Have you ever heard of the Adlet, a creature that is half human and half wolf? If not, you are not alone. The Adlet is one of the lesser-known monsters in Canadian folklore, but it has a fascinating origin story and cultural significance.

The Adlet (or Erqigdlet) are a race of creatures in the Inuit mythology of Greenland, as well as the Labrador and Hudson Bay coasts. While the word refers to inland native American tribes, it also denotes a humanoid dog-legged tribe. The lower part of the body of the canine Adlet is like that of a dog and their upper part is like a man’s. All Adlet run quickly, and their encounters with men usually end with man as the victor. In Inuit lore, they are often portrayed as in conflict with humans, and are supposed to be taller than Inuit and white people. In some stories they are cannibals.

The origin of the Adlet is traced back to a legend that was recorded by Franz Boas, an ethnologist who collected many Inuit stories. He had heard the story in Baffin Land, specifically in Cumberland Sound from an Inuit named Pakaq. His transcription, a translation by H. Rink, and an explanation (by Boas) were published in The Journal of American Folklore in 1889.

The Story

The story goes like this: A woman, Niviarsiang ("the girl"), lives with her father, Savirqong, but will not marry, and hence is also called Uinigumissuitung ("she who wouldn’t take a husband"). After rejecting all her suitors, she marries a dog, Ijirqang, with white and red spots. Of their ten children, five are dogs and the others are Adlet, with dog’s bodies for their lower half and man’s bodies for their upper half. Since Ijirqang does not go hunting and the children are very hungry, it falls to Savirqong to provide for the noisy household. At last he puts them into a boat and carries them off to a small island, telling Ijirqang to come and get meat daily. Niviarsiang hangs a pair of boots around his neck and he swims ashore, but Savirqong, instead of giving him meat, puts stones in the boots and Ijirqang drowns. In revenge, Niviarsiang sends the young dogs over to gnaw off her father’s feet and hands. He, in return kicks her overboard when she happens to be in his boat, and when she hangs on the gunwale he cuts off her fingers, which, when they fall in the ocean, turn into whales and seals. Since Niviarsiang is scared her father might kill the Adlet, she sends them inland, and from them a numerous people springs. The young dogs she sends across the ocean in a makeshift boat, and arriving beyond the sea they became the Europeans’ ancestors.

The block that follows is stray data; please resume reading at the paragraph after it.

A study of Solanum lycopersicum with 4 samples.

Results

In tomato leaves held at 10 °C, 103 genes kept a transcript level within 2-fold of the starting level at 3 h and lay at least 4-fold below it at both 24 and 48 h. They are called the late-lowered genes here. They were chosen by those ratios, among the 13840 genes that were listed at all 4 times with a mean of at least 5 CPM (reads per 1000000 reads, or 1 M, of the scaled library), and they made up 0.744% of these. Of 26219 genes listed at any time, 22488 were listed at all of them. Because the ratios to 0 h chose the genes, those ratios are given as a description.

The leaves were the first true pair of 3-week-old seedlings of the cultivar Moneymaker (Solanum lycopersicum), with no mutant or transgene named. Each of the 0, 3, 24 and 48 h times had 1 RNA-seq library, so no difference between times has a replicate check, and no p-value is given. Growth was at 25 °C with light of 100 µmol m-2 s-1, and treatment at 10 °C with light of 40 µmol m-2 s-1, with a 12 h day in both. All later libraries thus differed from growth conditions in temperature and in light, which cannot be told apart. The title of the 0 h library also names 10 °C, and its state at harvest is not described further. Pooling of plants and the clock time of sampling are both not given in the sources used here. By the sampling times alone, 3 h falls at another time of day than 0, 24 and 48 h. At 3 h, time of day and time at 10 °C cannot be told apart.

This story is often referred to as "The Girl and the Dogs" on the west coast of Greenland; on the east coast of Greenland it is known as "The Origin of the Qavdlunait and Irqigdlit" (that is, Europeans and Indians)

The Adlet legend is a fascinating example of how the Inuit people explained the origin of different races and cultures, as well as the diversity of animals in their environment. It also reflects their values and beliefs, such as the importance of marriage, hunting, and family. The Adlet are a symbol of the unknown and the dangerous, but also of the connection and the similarity between humans and animals.

The Adlet may not be as famous as other mythical Canadian monsters, such as the Wendigo, the Ogopogo, or the Sasquatch, but they are certainly worth learning more about. They are a part of the rich and diverse folklore of Canada, and a testament to the creativity and imagination of the Inuit people.